Picking a Good Book Title

We get the most spectacular sunrises this time of year. I’m not sure why. All that mysterious meteorology stuff.

I’ve been noticing something interesting since Sapphire came out. One word titles suck for tracking.

Not that I don’t love that title – I do. It was my title all along and Carina let me keep it. It matches the cover nicely (or vice-versa) and reflects a crucial aspect of the story itself. Now, it was counter-productive in a way I didn’t expect because I now have to change the title of my novel coming out in July, formerly known as Obsidian.

I know, I know – me and my one-word precious and semi-precious gem titles. I don’t know what my damage is there. At any rate, Carina said I should retitle Obsidian, because it would sound like a sequel to Sapphire. Since the novel is a totally different story, genre and heat-level, there’s no case for that. I saw their point, brainstormed a list of titles and we’ll see what the marketing team decides.

I’m interested to see what they decide on.

And I hope it’s better for tracking.

See, I have Google alerts set up for mentions of my titles. And Twitter columns set up for those searches. Correction – I have Twitter columns set up to watch for “Petals and Thorns” and “Feeding the Vampire,” but I only lasted about a week with the “Sapphire” column. Seriously. Do you know how many mentions there are of Kate Middleton’s sapphire ring? Or of some credit card? There’s also a Gentleman’s Club (which apparently markets ALL THE TIME), a fancy mall in Istanbul, a watch, a “nettop” computer and a surprising number of people celebrating their 65th wedding anniversaries.

In short – finding mentions of my book is like wandering through a supermodel convention hoping someone will tell you you’re pretty.

Just ain’t gonna happen.

Not to mention that there just happens to be a kind of famous author named Sapphire who hogs all the Amazon searches.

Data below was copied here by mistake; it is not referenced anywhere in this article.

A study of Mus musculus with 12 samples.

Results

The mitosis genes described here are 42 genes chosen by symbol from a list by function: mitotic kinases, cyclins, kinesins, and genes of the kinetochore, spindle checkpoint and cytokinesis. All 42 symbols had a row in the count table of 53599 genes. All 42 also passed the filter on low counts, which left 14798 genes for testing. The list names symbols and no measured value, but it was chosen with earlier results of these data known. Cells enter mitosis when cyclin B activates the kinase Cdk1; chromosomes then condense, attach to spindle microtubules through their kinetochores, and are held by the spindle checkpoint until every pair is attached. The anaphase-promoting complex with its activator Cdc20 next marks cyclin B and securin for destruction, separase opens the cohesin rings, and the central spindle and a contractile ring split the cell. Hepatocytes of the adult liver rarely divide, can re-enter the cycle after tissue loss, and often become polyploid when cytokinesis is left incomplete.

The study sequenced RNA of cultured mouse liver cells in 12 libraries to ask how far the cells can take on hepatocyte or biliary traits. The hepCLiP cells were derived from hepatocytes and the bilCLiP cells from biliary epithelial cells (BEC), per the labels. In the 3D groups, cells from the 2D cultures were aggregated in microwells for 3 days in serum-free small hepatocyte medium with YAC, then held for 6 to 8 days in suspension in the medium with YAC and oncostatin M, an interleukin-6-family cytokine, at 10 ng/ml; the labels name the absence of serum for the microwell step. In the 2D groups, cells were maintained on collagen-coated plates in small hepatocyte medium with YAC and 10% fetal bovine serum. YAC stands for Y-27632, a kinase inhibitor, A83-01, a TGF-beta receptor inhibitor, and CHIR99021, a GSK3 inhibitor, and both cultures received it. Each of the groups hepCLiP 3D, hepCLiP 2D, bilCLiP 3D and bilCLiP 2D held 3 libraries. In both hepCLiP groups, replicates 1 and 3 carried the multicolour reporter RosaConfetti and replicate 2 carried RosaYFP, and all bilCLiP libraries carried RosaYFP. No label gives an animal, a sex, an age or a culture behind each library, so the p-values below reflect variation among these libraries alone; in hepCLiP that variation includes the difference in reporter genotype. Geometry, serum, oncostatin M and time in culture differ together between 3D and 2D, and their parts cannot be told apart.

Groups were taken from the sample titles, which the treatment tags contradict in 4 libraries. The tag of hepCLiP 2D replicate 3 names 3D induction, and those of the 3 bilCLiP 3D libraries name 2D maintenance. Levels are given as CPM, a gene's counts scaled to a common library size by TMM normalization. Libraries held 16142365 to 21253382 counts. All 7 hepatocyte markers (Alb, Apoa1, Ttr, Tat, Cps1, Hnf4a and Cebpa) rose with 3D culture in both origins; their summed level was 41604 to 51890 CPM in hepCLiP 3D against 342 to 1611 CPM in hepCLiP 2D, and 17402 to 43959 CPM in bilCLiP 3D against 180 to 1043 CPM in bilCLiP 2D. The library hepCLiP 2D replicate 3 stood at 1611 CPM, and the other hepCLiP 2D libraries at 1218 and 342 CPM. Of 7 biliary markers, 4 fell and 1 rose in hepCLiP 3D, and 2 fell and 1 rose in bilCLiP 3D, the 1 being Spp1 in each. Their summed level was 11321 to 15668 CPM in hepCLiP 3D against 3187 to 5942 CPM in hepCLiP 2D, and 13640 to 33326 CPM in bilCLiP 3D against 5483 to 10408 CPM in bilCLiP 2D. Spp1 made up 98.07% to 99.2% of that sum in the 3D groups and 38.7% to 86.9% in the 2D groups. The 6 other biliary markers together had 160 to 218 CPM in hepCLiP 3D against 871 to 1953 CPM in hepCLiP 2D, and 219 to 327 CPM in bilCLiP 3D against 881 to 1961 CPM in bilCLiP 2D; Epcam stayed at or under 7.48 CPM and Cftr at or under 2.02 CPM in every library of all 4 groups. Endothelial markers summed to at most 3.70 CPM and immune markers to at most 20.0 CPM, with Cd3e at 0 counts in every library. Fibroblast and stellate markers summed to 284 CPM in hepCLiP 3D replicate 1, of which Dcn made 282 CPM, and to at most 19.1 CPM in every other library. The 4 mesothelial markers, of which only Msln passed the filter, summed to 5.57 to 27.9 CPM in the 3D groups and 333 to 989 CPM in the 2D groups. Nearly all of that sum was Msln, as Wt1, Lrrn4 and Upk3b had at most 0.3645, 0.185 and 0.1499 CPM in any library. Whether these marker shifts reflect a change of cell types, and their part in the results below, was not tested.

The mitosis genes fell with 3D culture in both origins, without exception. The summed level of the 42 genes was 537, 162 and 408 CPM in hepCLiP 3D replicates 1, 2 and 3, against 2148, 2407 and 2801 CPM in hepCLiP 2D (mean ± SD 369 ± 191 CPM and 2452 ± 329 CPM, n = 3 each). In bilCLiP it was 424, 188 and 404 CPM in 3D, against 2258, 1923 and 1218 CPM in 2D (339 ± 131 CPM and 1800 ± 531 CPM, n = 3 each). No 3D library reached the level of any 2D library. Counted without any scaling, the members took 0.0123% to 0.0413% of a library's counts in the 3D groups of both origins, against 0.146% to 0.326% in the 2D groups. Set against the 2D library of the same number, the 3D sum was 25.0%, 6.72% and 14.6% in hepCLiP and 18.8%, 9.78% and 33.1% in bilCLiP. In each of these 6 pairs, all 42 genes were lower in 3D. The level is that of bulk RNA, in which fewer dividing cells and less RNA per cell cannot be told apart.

So, I’m extracting a lesson from this one. I know we don’t always have control of our titles, but so far, everyone I know at least gets to send a suggested list. I wonder how people with even more common one-word titles like “Fallen” or “Fated” do. I would think it’s even worse. (Though, for the record, “Twilight” totally rocks the Google search at this point.)

So my whole list of really fab one-word titles? Eh. Send those to circular file #13.

22 Replies to “Picking a Good Book Title”

  1. Sorry. That sounds like a total pain in the cheeks. On the upside, if you type ‘sapphire kennedy’ in Google, you’re the #1 hit. I never heard of Sapphire the author before. Then again I never heard of the book Push (until Google told me just now it was what the movie Precious was based on). Go figger.

  2. I have the opposite problem–my titles tend to be too long. Granted, I’m not published yet, so that will probably change.

    For the record, I kind of love Obsidian as a title, BUT that’s probably because they’re a video game developer. You’d be getting Google Alerts for Neverwinter Nights or Fallout: New Vegas. Not a BAD thing, just probably not what you want with a romance novel. 😉

    1. Well, Jen – my first book was “Wyoming Trucks, True Love and the Weather Channel” – so I feel your pain there! I kind of love Obsidian as a title, too, and I’ve been calling it that since I started writing it back in 2006. (Ack!) But good point on the video game developer!

    1. I think it’s a special skill. And some people have the knack and others don’t. One trick is to pick a phrase you like from the story and use that.

      1. That could work…
        Ok: Untitled Zombie Story will from now on be known as: ‘There’s a zombie in the dumpster again’ :-p

  3. Wow, this is fascinating! I honestly don’t think I ever would have thought of that problem, so thank you so much for sharing. We must be on the save wave-length, because my blog this week is about titles too, and I particularly like the longer and less common ones anyway, so I guess that works out well for me. I’m going to link to this in my comments. =)

  4. Trust me, longer titles don’t necessarily garner better Google alert results. My last book from Loose Id, Comes the Wolf, gets me all sorts of weird stuff but never a review or alert of piracy (which is the whole reason I set them up) Curiously, tons of basketball articles. Go figure.

    1. I’m sorry for your pain, Crystal, but that’s just hysterical! Do we even WANT to know why sports writers are using “comes the wolf”??? Ack!